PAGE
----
State Dept. official: We are not pursuing regime change in Iran

Media playback is unsupported on your device                  Media caption Video from the town of Dorud shows a crowd carrying what appears to be a wounded man

Media playback is unsupported on your device Media caption Video from the town of Dorud shows a crowd carrying what appears to be a wounded man

People take part in pro-government rallies in Iran on January 3. As of Jan.1, six people were dead in the small city of Tuyserkan, two in the city of Dorud, two in the southwestern city of Izeh, and two in Lorestan province.

The anti-regime protests in Iran enters in its second week.

It remains hard for journalists to piece together what's happening beyond the capital, especially as the government has blocked both the photo-sharing app Instagram and the messaging app Telegram, which protesters have used to organize their demonstrations and share footage.

At first, they were protesting against Iran's dire economic downturn and the skyrocketing prices of basic necessities like eggs and poultry.

In a sign that Iran is taking the protests more seriously, Supreme Leader Ayatollah Ali Khamenei accused what he called enemies of the Islamic Republic on Tuesday of stirring unrest.

Although there are a variety of demands from different classes of society, videos posted on social media suggest young, working class people make up the biggest numbers. Rouhani promised greater social and political openness, as well as a revived economy after years of worldwide sanctions, but he has been unable to deliver much change in a nation where the ruling clerics must approve all major decisions.

Unlike the pro-reform demonstrations of 2009, the latest protests appear more spontaneous and don't seem to be orchestrated by leaders who can be identified and rounded up by the authorities.

Nine people were killed in Isfahan province during protests on Monday night, including two members of the security forces, state TV said.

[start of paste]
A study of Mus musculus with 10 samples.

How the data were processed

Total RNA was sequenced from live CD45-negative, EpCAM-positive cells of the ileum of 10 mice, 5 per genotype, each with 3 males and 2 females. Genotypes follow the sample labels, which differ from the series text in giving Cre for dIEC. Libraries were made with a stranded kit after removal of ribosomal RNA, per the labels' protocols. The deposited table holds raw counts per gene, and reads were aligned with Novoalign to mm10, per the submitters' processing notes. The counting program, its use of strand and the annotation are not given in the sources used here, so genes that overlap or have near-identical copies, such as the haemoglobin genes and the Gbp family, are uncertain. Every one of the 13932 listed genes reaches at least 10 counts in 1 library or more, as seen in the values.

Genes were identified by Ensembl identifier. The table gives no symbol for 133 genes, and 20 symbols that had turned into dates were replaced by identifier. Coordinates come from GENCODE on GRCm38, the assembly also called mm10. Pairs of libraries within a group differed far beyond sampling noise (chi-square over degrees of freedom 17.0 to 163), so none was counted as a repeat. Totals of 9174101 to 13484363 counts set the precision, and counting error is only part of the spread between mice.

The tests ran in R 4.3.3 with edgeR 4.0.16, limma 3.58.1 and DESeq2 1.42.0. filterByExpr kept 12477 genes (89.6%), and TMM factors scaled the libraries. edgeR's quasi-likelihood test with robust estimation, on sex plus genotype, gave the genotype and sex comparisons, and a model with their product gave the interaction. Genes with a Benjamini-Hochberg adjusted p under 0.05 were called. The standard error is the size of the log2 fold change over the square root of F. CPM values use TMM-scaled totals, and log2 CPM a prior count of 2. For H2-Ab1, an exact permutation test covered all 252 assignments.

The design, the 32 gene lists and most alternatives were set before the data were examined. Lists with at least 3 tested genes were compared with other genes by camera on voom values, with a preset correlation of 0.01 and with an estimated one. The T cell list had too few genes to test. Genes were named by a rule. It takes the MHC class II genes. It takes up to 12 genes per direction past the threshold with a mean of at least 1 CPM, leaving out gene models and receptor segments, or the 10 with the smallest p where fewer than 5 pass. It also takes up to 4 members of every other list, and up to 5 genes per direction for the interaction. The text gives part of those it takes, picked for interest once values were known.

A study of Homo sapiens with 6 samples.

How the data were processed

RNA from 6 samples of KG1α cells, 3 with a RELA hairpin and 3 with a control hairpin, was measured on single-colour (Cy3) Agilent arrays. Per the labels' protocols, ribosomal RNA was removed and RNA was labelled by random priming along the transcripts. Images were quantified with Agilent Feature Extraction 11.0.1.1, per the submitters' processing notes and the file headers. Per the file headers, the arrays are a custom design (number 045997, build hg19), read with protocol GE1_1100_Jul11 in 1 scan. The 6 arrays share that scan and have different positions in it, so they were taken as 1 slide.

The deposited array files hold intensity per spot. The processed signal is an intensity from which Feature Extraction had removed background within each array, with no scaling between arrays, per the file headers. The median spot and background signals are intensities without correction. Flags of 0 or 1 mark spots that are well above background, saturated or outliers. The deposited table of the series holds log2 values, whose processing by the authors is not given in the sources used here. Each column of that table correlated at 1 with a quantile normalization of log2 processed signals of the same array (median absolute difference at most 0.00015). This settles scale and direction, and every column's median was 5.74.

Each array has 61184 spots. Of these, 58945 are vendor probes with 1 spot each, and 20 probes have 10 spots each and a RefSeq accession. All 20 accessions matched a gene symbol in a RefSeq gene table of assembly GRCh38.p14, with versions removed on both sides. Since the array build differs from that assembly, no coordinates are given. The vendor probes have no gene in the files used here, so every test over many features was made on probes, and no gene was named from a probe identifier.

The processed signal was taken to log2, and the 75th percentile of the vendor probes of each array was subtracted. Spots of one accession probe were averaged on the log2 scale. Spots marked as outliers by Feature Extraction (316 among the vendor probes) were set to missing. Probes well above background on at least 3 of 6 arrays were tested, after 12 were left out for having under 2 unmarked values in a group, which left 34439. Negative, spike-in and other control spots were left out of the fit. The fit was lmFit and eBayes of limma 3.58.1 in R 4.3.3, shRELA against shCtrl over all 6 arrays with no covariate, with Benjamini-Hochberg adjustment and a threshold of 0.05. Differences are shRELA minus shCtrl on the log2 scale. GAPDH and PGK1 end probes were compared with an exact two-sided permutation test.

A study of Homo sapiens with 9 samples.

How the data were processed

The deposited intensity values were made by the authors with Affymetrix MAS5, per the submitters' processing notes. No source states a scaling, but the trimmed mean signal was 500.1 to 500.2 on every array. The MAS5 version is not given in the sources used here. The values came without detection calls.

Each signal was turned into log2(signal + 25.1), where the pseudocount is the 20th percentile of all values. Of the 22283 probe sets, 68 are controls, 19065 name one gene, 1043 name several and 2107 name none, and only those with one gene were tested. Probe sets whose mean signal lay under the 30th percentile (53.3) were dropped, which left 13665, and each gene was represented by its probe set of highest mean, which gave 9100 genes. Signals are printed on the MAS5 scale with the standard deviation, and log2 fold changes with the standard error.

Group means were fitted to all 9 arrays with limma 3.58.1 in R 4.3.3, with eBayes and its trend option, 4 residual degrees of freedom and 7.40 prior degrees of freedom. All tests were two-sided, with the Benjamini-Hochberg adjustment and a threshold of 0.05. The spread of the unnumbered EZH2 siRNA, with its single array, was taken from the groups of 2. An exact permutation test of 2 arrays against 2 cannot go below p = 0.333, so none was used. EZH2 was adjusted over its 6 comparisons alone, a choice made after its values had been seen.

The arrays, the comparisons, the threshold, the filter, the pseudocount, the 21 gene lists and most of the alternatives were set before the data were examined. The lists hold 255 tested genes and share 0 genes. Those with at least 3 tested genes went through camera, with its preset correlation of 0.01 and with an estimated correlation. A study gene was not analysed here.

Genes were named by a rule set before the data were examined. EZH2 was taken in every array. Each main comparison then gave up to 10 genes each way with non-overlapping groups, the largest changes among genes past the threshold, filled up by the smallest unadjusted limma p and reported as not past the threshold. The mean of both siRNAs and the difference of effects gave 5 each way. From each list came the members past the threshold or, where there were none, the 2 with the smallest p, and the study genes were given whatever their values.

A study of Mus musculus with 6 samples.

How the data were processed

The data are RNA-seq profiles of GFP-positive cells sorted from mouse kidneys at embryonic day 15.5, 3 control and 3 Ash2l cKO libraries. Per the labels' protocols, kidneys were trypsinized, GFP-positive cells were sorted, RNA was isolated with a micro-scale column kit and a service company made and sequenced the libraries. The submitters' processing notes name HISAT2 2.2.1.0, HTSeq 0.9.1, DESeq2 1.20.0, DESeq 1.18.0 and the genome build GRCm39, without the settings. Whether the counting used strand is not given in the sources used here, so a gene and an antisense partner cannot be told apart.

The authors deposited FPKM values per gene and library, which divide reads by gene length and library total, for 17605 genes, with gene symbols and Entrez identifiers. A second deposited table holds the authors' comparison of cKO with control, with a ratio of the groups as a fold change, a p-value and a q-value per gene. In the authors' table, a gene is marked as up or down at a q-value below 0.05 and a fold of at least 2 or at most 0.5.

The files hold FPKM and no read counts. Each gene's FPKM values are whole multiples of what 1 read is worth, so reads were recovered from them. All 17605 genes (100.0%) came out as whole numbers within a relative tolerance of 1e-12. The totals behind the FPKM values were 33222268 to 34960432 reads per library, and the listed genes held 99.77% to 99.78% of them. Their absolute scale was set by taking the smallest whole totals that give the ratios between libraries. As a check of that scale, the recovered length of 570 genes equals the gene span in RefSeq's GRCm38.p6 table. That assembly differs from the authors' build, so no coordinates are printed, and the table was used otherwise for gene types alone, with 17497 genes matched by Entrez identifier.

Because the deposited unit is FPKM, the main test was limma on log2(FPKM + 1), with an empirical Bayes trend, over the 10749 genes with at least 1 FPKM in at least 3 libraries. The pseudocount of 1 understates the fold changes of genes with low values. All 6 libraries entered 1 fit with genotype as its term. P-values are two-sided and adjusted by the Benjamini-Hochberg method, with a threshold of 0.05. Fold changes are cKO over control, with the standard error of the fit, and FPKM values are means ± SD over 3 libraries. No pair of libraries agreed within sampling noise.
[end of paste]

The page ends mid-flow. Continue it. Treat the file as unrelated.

Activists came out in full force after pro-government demonstrators rallied on Saturday.

The unrest has remained focused on provincial towns and cities, with only sporadic protests reported in Tehran yesterday evening. Police disperse protesters with water cannons and make some arrests.

Meanwhile, the U.S. State Department urged Iran to stop blocking online social media traffic in the country and said its citizens could set up virtual private networks to circumvent censorship. He has called the protests an "opportunity, not a threat", recognised economic discontent and said people had a right to take the streets. Hundreds have been arrested; the death toll is climbing.

On Sunday, Telegram CEO Pavel Durov said on Twitter that authorities had cut off access to the app.

"When there is a protest, you can be sure other countries will take advantage of it and interfere", 30-year-old architectural engineer Mehdi Rahmani told AFP.

In moments of crisis, Iran's government may rightly fear for its existence and unleash its fury against its own citizens.

"The European position is certainly less advantageous in terms of public opinion, but it is wiser", said Francois Nicoullaud, a former French ambassador to Iran.

The demonstrations spread to other government strongholds, including Qom, home to some of the most important academic institutions for Shia scholarship.

Even if Democrats manage to win both houses of Congress in 2018 and Trump is impeached, nothing will change until the electorate installs a democratic president and Congress. This will more likely cause more people to become disaffected with the regime. Iran, with its current regime, is a danger not just to its long-suffering people, but to everyone. "The world is watching!"

Iranian officials have downplayed the strength of the protests.

Suppression of freedoms, and human rights violations have escalated, according to Amnesty International and other human rights groups.

Iranian Foreign Minister Javad Zarif responded to Trump's criticism by pointing out that America's Gulf Arab allies have restrictive political systems with no rights to vote or protests. All of the money that President Obama so foolishly gave them went into terrorism and into their "pockets".

Trump's United Nations envoy, Ambassador Nikki Haley, has called for an emergency Security Council meeting on Iran, saying the United Nations needed to speak out in support of the protesters.

Rouhani pushed back on Trump's remarks, saying the United States president had no right to sympathize with protesters because he "called the Iranian nation terrorists a few months ago".